How to Plaster a Concrete Wall


  • Sandblaster

  • Metal lath

  • 7/8-inch concrete screws

  • Caulk

  • Wire brush

  • Mold and mildew killer

  • Bonding agent

  • Portland cement

  • Masonry sand

  • Plaster

  • Trowel


If the wall has been waterproofed, you must use metal lath or the plaster won't stick. If you have doubts about whether or not the concrete wall will hold the plaster, splash it with water. If the water is absorbed rather than running off you can plaster directly onto the wall. Plaster cures best at 55 to 70 degrees F.


The finished depth of the plaster should be between 1/2 inch and 5/8 inch.

Plaster a Concrete Wall



Prepare the concrete wall. If the wall has been painted and the paint is peeling or flaking, all of the paint has to be removed. The easiest way to do this is to have the wall sandblasted.

Step 2

Install metal lath over the painted concrete wall if you don't want to sandblast. Use 7/8-inch concrete screws with washers spaced 12 inches apart to attach the lath to the wall.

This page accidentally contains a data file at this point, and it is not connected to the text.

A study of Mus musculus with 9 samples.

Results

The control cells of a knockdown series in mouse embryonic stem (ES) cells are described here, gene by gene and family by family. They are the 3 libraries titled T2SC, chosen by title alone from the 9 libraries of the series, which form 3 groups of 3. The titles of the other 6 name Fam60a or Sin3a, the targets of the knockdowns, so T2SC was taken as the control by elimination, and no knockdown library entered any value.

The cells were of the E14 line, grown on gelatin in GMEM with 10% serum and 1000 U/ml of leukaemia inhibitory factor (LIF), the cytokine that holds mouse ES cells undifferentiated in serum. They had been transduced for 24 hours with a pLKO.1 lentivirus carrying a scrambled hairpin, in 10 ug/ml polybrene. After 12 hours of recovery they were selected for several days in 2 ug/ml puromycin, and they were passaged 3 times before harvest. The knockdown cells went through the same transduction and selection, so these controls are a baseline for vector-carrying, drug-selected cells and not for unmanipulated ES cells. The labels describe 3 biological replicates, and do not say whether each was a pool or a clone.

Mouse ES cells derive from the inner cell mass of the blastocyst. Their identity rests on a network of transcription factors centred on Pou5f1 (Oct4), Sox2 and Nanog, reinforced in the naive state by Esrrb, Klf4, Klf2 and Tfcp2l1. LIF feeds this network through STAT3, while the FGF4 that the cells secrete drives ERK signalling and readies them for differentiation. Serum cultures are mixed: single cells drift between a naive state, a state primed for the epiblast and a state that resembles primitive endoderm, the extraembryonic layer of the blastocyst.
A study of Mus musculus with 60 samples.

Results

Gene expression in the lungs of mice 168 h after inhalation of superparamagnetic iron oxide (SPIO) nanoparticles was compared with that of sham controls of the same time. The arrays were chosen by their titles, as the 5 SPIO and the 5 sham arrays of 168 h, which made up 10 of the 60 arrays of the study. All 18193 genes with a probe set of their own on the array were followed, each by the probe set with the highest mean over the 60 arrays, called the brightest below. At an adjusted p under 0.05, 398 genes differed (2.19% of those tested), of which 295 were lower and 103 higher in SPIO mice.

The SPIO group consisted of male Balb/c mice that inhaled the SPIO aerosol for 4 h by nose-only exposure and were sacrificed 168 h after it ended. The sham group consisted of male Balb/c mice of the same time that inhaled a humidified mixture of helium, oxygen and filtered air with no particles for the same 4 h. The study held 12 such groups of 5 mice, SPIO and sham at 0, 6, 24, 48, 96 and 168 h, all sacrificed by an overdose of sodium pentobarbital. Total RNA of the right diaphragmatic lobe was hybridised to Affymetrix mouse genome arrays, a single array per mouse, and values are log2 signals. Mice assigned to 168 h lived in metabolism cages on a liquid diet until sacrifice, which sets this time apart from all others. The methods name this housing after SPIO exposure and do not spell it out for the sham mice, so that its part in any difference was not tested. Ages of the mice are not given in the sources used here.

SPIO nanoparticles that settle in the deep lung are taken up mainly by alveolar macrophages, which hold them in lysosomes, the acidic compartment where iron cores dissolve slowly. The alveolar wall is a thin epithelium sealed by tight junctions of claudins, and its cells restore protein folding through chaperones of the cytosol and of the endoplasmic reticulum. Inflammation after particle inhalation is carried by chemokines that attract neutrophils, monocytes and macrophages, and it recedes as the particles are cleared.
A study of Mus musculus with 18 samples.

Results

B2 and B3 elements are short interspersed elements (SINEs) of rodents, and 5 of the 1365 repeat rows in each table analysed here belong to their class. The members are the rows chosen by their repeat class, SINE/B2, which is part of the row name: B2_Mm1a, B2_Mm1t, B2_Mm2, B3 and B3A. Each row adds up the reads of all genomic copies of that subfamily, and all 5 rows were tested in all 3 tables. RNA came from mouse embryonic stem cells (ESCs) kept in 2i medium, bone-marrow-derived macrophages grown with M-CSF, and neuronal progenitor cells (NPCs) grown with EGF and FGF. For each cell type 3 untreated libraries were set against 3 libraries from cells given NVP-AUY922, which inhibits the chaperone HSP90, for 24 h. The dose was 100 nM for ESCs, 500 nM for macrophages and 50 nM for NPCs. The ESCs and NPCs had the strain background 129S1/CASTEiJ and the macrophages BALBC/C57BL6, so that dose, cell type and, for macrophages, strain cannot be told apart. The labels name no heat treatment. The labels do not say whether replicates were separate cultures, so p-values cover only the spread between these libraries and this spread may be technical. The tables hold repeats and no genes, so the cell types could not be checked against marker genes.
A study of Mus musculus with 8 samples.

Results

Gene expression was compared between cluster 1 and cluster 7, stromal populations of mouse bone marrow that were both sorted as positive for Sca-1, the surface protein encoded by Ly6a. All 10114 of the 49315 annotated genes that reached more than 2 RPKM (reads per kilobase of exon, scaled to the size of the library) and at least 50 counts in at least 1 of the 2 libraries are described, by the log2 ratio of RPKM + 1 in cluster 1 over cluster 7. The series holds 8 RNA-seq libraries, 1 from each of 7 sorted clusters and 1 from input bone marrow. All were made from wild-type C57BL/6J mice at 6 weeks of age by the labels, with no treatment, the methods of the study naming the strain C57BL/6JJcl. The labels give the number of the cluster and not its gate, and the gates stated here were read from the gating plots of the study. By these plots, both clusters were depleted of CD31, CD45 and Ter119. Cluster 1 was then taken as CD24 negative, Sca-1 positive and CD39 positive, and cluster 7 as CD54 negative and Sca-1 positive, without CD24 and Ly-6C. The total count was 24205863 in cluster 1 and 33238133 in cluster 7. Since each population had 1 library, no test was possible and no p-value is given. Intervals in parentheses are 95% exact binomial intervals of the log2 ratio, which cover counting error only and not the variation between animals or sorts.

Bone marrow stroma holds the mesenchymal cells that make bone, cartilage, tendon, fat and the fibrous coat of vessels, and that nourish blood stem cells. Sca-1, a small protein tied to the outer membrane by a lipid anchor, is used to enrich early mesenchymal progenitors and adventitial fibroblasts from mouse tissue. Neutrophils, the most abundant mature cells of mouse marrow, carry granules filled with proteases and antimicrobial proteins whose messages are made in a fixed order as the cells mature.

Step 3

Caulk any cracks and treat mold and mildew by first killing the mold and then removing any stains left by the mold. Clean mortar joints with a wire brush.

Step 4

Use a bonding agent on painted walls, when the paint is securely bonded to the wall. Spray or brush the agent over the entire wall. Follow the manufacturer's instructions.


Step 5

Apply a dash, slush or slurry coat to the concrete wall. Mix 1 part Portland cement, 1 to 2 parts of masonry sand and enough water to create a runny consistency. Use a dash brush to cover the entire wall to a thickness of about 1/8 inch. Let the slush coat dry for a day. Dash, slush and slurry all refer to the technique of creating a base coat. For a very flat finish, use a slurry that is almost liquid in consistency.


Step 6

Mix plaster according to the manufacturer's instructions. Apply a base coat over the dash coat that's between 1/4- and 3/8-inch thick with a trowel. Smooth the plaster out for a flat wall. Leave the wall rough for a textured look. Let the base coat dry.

Step 7

Put a second coat of plaster over the base coat using the same technique and plaster mix.